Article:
Dutchess County Executive Marc Molinaro wasn't on the ballot this year, so the week of the general election wasn't spent campaigning or stressing over vote tallies.
Molinaro, a Republican, traveled to Israel for five days with a Dutchess County delegation. He visited holy sites, met Israeli officials and learned more about the Middle Eastern nation's economic and governmental structure.
The trip was organized by the Jewish Federation of Dutchess County. The group viewed the visit as a way to educate local leaders about how Israel has supported technology startup companies. It also served as an opportunity to connect with tourist assets in Israel.
It was the first Dutchess County delegation to visit Israel, according to Molinaro.
"I think that the connection communities and the people of Israel have with those of us at the local level (in New York) is very strong," he said. "It is one of education, it's one of inclusion, it's one of tolerance but it is also about exchanging innovations, exchanging ideas and growing the economic and business relationship and that's something that we've enjoyed for a number of years."
Most of the delegation spent a week in Israel. Because of scheduling constraints, Molinaro joined for five days of the trip.
During his visit, Molinaro met with Ambassador David Roet, Israel's former deputy permanent representative to the United Nations. The group toured holy sites, including the Western Wall in Jerusalem. They had a Shabbat dinner adjacent to the Western Wall.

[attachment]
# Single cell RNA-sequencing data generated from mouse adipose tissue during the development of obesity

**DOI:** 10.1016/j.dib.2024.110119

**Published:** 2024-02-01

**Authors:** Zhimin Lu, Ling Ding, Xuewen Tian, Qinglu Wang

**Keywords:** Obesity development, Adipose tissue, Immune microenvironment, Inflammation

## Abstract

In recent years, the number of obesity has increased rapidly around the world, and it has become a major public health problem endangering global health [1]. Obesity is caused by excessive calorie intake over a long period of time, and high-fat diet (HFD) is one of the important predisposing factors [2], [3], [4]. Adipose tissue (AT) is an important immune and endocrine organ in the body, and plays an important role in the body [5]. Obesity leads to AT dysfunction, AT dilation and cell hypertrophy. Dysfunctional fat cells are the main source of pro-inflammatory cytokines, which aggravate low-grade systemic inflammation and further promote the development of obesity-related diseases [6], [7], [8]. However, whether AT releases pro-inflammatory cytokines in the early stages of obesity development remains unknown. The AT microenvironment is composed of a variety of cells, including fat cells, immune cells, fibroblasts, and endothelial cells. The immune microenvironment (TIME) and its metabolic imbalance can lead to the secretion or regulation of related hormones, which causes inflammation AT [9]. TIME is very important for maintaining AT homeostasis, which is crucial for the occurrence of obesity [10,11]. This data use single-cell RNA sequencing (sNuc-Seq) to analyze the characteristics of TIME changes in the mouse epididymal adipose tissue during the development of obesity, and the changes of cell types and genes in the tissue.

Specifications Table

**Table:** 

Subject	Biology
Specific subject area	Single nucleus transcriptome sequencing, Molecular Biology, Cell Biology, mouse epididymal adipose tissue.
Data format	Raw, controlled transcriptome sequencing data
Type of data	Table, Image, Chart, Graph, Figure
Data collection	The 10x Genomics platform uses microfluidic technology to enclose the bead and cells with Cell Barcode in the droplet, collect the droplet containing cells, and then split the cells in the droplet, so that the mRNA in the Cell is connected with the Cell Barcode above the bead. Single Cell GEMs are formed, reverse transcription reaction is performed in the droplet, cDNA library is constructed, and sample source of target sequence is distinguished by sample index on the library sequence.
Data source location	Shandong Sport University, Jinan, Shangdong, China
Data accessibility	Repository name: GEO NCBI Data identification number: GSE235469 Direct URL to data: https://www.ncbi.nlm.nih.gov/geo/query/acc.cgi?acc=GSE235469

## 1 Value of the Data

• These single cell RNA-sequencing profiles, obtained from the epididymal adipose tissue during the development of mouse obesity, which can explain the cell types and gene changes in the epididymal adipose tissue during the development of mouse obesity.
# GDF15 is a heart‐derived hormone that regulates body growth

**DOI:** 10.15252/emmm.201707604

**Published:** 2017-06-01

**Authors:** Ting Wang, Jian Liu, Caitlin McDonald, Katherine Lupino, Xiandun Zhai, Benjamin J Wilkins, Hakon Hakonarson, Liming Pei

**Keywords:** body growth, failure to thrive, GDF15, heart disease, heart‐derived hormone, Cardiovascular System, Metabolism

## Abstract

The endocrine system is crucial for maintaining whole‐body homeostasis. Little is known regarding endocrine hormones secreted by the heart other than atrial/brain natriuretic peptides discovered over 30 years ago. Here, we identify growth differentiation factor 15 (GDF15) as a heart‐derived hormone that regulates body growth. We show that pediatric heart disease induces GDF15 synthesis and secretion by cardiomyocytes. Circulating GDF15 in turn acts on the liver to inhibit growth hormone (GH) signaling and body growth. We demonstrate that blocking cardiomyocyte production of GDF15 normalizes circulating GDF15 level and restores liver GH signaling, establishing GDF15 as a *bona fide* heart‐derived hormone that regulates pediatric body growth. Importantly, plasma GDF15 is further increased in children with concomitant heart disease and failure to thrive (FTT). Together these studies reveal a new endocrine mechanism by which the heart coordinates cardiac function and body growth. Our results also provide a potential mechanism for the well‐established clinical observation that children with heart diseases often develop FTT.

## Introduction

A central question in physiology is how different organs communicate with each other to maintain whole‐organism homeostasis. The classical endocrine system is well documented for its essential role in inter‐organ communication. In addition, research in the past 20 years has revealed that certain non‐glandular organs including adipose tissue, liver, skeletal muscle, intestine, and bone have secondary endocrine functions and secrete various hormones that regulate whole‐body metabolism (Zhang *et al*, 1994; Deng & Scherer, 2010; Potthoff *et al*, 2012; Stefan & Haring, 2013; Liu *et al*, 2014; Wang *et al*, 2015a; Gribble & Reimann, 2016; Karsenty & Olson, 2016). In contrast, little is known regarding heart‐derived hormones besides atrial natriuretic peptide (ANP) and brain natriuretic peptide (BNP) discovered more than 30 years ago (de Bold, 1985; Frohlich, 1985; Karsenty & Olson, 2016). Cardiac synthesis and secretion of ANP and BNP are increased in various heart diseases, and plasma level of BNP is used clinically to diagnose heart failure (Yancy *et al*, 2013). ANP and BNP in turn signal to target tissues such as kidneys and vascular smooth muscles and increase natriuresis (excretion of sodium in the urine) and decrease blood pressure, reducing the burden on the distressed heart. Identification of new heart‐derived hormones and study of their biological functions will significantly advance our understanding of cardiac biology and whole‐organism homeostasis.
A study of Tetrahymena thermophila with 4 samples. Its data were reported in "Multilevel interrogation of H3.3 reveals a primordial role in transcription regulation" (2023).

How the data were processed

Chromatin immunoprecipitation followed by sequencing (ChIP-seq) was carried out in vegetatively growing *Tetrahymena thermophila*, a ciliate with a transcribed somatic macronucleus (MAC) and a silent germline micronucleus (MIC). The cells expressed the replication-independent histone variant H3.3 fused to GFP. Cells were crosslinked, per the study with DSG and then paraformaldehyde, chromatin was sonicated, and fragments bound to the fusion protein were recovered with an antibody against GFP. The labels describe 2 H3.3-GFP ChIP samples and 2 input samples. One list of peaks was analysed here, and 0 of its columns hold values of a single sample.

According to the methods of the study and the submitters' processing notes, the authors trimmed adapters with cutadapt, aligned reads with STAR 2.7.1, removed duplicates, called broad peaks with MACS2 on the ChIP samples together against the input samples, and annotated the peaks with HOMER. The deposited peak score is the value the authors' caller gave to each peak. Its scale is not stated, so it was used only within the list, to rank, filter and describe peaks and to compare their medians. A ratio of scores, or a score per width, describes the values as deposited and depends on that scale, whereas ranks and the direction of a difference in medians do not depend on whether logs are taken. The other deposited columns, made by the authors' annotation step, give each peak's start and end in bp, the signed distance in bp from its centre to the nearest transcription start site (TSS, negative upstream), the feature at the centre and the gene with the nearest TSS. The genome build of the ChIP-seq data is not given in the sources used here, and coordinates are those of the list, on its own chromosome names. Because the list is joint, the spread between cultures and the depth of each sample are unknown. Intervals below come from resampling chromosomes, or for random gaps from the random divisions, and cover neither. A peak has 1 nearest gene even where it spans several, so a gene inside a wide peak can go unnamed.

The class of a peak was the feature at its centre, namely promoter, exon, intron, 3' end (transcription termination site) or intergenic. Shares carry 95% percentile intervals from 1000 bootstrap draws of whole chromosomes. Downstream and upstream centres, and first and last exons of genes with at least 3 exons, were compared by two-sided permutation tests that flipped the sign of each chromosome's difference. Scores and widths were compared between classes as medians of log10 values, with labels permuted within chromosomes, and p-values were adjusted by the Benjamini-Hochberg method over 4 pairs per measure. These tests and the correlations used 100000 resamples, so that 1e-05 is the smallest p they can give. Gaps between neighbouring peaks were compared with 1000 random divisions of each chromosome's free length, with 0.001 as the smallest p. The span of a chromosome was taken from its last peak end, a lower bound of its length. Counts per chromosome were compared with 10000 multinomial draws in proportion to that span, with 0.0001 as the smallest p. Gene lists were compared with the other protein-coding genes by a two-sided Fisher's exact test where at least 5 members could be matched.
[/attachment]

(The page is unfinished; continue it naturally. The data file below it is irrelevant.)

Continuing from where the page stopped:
"Being able to take in that very spiritual moment of faith at the Western Wall, at the holiest of sites for the Jewish people, was just very special and, in many ways, spiritually overwhelming," Molinaro said.
The delegation's tour included a visit to a Bedouin settlement. Bedouins are nomadic Arabs that live throughout the Middle East and Northern Africa.
At the settlement, Molinaro and the group visited a school built by Israel specifically for special education students in the Bedouin community. That was of personal significance to the county executive, who has a daughter on the autism spectrum. Inspired by his daughter, he launched the "ThinkDIFFERENTLY" initiative in Dutchess County, which encourages local governments to prioritize those with special needs.
The "ThinkDIFFERENTLY" initiative was a topic during Molinaro's discussion with Roet.
"We concluded with a conversation about how the acknowledgment of those living with special needs across the world is growing and it is one of the areas that in the United Nations and, from his perspective, in the Arab world has transcended some of their other political difficulties and some of the other controversial topics that obviously and rightfully consume their attention," Molinaro said.
The trip to Israel comes as Molinaro is exploring a run for governor in 2018. He is one of four Republicans considering whether to challenge Gov. Andrew Cuomo, a Democrat, next year.
Molinaro plans to make a final decision by the end of the year.
One new factor in his decision-making process is the recent election results across the state. While Republicans had some victories, Democrats scored major wins in races throughout New York. One high-profile contest was won by state Sen. George Latimer, a Democrat, over incumbent Westchester County Executive Rob Astorino, a Republican who ran for governor in 2014.
Molinaro said he isn't fazed by the November election results, but he is "digesting and trying to appreciate what occurred."
"Frankly, voters spoke. They spoke in many different ways for many different reasons and that has to be sort of assimilated in one's decision making," he said.
He added that Republicans must nominate candidates who can connect with voters.
"I mean connect in a very sincere and very personal way because I do think that the one thing that New Yorkers absolutely want and appreciate is elected officials who are just going to be honest and help them to solve the problems that confront their families, their communities and the state as a whole," he said.